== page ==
The National Museum of the Royal Navy (NMRN) says a "fundamental overhaul" of its financial model will need to take place, despite being set to receive emergency Government funding.
An enforced closure during the coronavirus lockdown has led to losses in income for the museum, with changes required to ensure its long-term future, according to its director general.
The museum had been left with a shortfall of more than £6 million prior to the Government funding, but will now look to reopen its sites in Portsmouth, Gosport, Hartlepool and Yeovilton.
The NMRN says it receives 19% of its funding from central Government, compared to other national museums which it says receive as much as 80%.
"It has been incredibly difficult over the last weeks and months with so much uncertainty around the future of the museum," said Dominic Tweddle, Director General for the NMRN.
"We are incredibly grateful to HM Treasury, [the] MOD and the Royal Navy for all of their support and also to all of those who have advocated on our behalf."
"We are disproportionality dependent on the generosity of donors and our admissions income just to survive.
"When our museum colleagues were able to welcome back visitors from 4 July... we were not even able to confirm if we would reopen at all.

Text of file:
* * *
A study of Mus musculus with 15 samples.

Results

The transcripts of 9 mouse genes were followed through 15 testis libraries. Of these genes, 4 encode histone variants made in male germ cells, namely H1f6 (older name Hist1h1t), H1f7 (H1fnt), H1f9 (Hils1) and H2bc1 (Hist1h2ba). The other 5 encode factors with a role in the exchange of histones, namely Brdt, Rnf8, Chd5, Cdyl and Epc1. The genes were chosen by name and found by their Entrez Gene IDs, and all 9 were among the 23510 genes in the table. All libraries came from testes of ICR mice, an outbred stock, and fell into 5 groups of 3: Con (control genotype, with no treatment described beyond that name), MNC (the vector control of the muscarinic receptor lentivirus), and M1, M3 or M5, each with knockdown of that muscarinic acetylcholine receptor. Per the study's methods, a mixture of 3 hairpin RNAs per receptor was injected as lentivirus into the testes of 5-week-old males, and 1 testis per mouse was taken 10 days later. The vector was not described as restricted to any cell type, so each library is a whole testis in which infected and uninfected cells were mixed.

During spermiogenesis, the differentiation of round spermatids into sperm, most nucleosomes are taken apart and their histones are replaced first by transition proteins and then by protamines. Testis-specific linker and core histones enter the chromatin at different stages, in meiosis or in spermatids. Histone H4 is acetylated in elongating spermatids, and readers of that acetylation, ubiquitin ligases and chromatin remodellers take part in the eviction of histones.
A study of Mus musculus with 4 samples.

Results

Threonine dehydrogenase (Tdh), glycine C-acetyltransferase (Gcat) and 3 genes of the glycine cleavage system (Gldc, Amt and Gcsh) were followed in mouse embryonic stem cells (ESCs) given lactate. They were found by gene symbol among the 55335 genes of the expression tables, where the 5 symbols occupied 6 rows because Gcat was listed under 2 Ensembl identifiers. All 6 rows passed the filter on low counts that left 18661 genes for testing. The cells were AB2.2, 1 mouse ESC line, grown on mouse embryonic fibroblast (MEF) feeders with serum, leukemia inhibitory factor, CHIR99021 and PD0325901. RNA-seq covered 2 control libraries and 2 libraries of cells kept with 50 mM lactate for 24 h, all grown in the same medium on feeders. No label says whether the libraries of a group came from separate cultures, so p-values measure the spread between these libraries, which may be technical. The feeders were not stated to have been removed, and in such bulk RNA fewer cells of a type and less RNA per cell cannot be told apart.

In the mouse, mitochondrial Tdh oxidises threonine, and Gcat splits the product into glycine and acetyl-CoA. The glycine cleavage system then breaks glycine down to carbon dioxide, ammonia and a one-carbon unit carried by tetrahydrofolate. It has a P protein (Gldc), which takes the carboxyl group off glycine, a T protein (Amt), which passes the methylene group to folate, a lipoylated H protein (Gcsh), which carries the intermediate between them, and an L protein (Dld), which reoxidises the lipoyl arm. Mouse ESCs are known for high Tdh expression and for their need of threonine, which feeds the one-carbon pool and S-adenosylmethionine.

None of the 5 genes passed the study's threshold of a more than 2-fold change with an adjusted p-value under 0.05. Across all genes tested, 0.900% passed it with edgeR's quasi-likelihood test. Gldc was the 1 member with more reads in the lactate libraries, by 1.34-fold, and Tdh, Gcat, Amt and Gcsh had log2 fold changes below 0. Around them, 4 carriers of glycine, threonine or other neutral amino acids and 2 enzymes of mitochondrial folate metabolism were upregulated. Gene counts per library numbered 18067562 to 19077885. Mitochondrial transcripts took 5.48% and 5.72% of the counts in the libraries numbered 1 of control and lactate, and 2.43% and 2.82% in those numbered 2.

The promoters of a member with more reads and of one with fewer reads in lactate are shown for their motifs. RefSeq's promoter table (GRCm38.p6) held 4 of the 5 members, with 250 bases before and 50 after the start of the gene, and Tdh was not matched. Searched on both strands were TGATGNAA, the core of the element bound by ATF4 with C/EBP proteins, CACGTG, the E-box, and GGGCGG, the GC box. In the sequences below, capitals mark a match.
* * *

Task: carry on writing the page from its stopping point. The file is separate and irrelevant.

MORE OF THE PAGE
"I simply cannot see why the historic ships and collections we care for, are not treated with the same significance as those in the care of our National Museum peers.
"Is our naval history not of equal value?
"We are realistic that, whilst this [new funding] is welcome, difficult decisions will still need to be made to ensure that we will still be here next year and the year after," Mr Tweddle added.
"The only real solution is a fundamental overhaul of our funding model, something I intend to pursue in the coming months."
The NMRN's will announce the new dates for the reopening of some of its sites in the coming weeks.
However, its site in Belfast is set to remain closed for the rest of 2020.
Cover image: The museum on board HMS Warrior in Portsmouth is also looking at reopening (Picture: National Museum of the Royal Navy).